The techies who have the least fun have the highest (=unrealistic) expectations, and are often borderline obsessive about accuracy, precision and getting things to go right and stay that way. Having 'fun' is often unnecessary to a full life when chasing a really serious technical challenge (like getting to the moon or understanding radium). Satisfaction with small steps along the way is fulfilling enough.
Unleavened bread is perfectly good food; all that business with the yeast can wait until the harvest is in.
In my teaching positions in the engineering college i have a good experience with both boy and girl students. There is always a mixed response. Generally for artistic designs in the project like enclosures,PCB designs, colors selection,reports preparation ,multimedia presentations girls are capable of doing much easily.I could see boys going to many places meeting people,getting the basic designs and working on them ,bringing it to level either hardware or software boys are having an upper hand. This statement i rank to 70% of boys and girls.Rest 30% can be other way round also.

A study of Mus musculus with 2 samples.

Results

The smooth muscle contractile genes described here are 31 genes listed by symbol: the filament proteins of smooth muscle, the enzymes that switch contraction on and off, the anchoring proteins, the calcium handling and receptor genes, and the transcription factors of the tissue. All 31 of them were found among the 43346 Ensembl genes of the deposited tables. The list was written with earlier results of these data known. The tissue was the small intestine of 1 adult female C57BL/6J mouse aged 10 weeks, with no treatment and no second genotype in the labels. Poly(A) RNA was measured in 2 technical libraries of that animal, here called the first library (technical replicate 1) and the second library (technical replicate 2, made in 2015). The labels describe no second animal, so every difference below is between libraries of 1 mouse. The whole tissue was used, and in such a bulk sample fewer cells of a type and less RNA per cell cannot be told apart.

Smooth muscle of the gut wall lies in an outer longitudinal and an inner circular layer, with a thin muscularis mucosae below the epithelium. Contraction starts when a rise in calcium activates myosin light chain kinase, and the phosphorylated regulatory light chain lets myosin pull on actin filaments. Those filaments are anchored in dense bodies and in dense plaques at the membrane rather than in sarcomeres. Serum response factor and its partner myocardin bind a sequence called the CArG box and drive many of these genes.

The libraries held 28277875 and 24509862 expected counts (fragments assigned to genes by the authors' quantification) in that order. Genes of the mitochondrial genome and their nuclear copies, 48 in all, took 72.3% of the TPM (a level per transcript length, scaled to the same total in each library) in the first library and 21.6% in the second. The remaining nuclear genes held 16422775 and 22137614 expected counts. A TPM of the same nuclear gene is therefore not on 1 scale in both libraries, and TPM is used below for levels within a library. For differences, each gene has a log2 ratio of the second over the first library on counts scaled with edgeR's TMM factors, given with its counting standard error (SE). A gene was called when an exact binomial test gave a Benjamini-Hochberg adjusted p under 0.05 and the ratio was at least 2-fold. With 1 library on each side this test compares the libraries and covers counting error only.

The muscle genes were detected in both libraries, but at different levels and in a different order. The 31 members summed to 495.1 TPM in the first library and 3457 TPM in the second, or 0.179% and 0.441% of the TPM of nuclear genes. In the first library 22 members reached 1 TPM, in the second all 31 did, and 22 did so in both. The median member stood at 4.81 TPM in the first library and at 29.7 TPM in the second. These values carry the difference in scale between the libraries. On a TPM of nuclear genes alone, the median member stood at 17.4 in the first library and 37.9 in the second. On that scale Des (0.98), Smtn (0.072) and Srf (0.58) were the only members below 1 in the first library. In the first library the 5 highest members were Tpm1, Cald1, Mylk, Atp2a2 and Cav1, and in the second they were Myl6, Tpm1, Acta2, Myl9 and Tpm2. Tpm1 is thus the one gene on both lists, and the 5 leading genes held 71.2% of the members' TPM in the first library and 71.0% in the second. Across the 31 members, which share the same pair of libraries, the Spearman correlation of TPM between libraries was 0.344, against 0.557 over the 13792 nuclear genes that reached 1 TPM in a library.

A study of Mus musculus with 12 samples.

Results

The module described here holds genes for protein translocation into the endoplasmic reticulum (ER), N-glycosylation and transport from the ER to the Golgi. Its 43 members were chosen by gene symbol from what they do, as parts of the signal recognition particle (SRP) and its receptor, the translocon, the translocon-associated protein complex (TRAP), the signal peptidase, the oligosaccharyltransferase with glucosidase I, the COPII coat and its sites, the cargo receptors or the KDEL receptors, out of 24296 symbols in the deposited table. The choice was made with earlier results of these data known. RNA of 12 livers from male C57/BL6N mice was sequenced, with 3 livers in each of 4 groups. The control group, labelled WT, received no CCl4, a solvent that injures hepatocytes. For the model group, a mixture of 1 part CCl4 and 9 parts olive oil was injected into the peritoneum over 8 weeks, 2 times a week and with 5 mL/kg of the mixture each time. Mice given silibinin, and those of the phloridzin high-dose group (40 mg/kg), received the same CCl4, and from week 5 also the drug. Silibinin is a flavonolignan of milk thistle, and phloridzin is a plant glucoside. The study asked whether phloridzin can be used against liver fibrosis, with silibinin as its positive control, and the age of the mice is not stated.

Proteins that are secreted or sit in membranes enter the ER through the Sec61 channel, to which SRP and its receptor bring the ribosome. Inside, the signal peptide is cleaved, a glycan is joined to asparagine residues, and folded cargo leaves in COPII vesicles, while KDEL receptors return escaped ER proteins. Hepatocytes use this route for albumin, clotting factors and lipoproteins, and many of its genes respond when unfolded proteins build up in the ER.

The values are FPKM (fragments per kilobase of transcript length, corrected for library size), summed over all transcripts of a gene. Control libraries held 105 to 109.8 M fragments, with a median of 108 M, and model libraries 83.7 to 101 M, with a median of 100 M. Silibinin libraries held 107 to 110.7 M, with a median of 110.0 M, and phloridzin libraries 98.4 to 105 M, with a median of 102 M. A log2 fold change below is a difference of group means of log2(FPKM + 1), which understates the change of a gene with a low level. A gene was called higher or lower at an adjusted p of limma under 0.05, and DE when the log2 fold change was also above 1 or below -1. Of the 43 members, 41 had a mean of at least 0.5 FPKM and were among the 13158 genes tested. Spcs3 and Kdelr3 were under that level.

What are the engineering and design challenges in creating successful IoT devices? These devices are usually small, resource-constrained electronics designed to sense, collect, send, and/or interpret data. Some of the devices need to be smart enough to act upon data in real time, 24/7. Are the design challenges the same as with embedded systems, but with a little developer- and IT-skills added in? What do engineers need to know? Rick Merritt talks with two experts about the tools and best options for designing IoT devices in 2016. Specifically the guests will discuss sensors, security, and lessons from IoT deployments.